Celebrating New Year’s Day in Turkey

  • Published
  • By Mehmet Birbiri
  • 39th Air Base Wing Public Affairs
You may have noticed that shops throughout Turkey decorate their windows with pine trees, snow, red stockings and statues and pictures of St. Nicholas.

The Turks, most of whom are Muslims, may seem like they're observing Christmas like the Christians. They aren't celebrating Christmas, however. Rather, they're marking the new year.

Many parties are held on New Year's Eve. Night clubs, luxury hotels, restaurants have special programs and menus, and radio and television stations broadcast special programs which last until morning. Generally, television stations broadcast a program or film about St. Nicholas at the early hours of the evening on New Year's Eve for children. That is to make the children happy so that they go to bed early and parents can party all night long.

Although many programs and parties are offered by restaurants and night clubs, many families prefer having their own parties at home. Often, several families will get together to celebrate. The wives show off their cooking skills by preparing richly set tables, and everyone spends the evening eating, drinking, watching television, listening to music and dancing.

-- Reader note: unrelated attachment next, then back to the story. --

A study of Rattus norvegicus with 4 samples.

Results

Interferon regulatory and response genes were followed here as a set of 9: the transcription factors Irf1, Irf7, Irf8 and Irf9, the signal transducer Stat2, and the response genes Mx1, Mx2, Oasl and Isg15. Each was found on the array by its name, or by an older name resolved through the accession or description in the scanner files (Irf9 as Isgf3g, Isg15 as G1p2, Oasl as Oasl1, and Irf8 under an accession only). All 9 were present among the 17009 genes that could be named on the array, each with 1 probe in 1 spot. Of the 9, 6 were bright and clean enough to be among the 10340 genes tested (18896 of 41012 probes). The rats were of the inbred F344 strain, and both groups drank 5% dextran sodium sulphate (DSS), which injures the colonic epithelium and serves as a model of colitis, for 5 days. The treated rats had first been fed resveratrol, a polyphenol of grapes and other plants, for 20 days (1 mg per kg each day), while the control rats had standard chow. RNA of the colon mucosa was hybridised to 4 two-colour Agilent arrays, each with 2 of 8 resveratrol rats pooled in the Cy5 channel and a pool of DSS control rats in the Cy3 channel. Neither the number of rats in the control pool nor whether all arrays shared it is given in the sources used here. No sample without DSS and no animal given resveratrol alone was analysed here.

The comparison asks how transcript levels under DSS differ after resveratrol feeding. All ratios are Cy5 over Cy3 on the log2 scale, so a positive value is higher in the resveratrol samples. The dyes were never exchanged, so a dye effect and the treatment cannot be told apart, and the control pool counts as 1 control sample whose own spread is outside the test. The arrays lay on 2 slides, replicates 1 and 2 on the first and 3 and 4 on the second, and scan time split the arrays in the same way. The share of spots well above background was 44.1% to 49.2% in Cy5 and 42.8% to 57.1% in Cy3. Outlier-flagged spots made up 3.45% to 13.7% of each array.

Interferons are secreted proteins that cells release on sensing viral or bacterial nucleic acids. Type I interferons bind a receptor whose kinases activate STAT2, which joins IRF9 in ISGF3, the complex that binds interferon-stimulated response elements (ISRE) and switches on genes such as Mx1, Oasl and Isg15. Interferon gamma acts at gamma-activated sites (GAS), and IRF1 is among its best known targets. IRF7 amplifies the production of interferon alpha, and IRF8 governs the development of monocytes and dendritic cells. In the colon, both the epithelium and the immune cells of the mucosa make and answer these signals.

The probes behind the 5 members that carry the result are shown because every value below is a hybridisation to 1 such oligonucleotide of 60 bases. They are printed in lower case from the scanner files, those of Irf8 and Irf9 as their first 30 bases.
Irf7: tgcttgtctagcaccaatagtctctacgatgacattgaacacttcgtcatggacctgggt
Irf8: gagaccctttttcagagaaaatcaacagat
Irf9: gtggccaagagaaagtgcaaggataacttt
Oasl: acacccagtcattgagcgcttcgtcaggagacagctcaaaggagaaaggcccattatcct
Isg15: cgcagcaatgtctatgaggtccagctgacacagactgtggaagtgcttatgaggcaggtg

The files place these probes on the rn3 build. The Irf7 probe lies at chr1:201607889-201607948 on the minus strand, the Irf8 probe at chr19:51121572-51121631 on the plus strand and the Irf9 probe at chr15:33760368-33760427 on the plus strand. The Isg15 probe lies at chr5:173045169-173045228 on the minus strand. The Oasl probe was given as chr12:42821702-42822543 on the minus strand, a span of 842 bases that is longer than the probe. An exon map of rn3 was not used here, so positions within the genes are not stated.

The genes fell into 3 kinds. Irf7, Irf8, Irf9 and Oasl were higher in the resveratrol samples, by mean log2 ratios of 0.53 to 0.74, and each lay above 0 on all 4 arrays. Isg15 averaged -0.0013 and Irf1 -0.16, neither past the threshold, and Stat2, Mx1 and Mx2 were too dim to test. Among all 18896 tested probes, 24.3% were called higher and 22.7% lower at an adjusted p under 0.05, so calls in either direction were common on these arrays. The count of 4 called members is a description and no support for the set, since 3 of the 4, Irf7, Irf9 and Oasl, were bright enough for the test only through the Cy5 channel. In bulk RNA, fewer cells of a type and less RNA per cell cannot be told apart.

As a result of television, these parties are heavily influenced by the American Thanksgiving and Christmas celebrations, and turkey is becoming popular as the main dish. Some families, especially in big cities, have Christmas trees as well. Gifts are exchanged for New Year's, and greeting cards are sent to friends and relatives.

Another tradition for the new year is to buy a lottery ticket. Although the National Lottery Administration holds three drawings a month with reasonable prizes, the top prize for New Year's Day challenges everybody to get at least one ticket. Many people ask their friends in other cities to buy and send tickets to them. This year's top prize is 35 million TL. That is approximately $17 million, which is a big amount for a person in Turkey. In fact, it is a big amount for anybody in any country.

If you have questions on Turkish history or customs contact Mehmet Birbiri in the 39th Air Base Wing Public Affairs office at DSN 676-6279.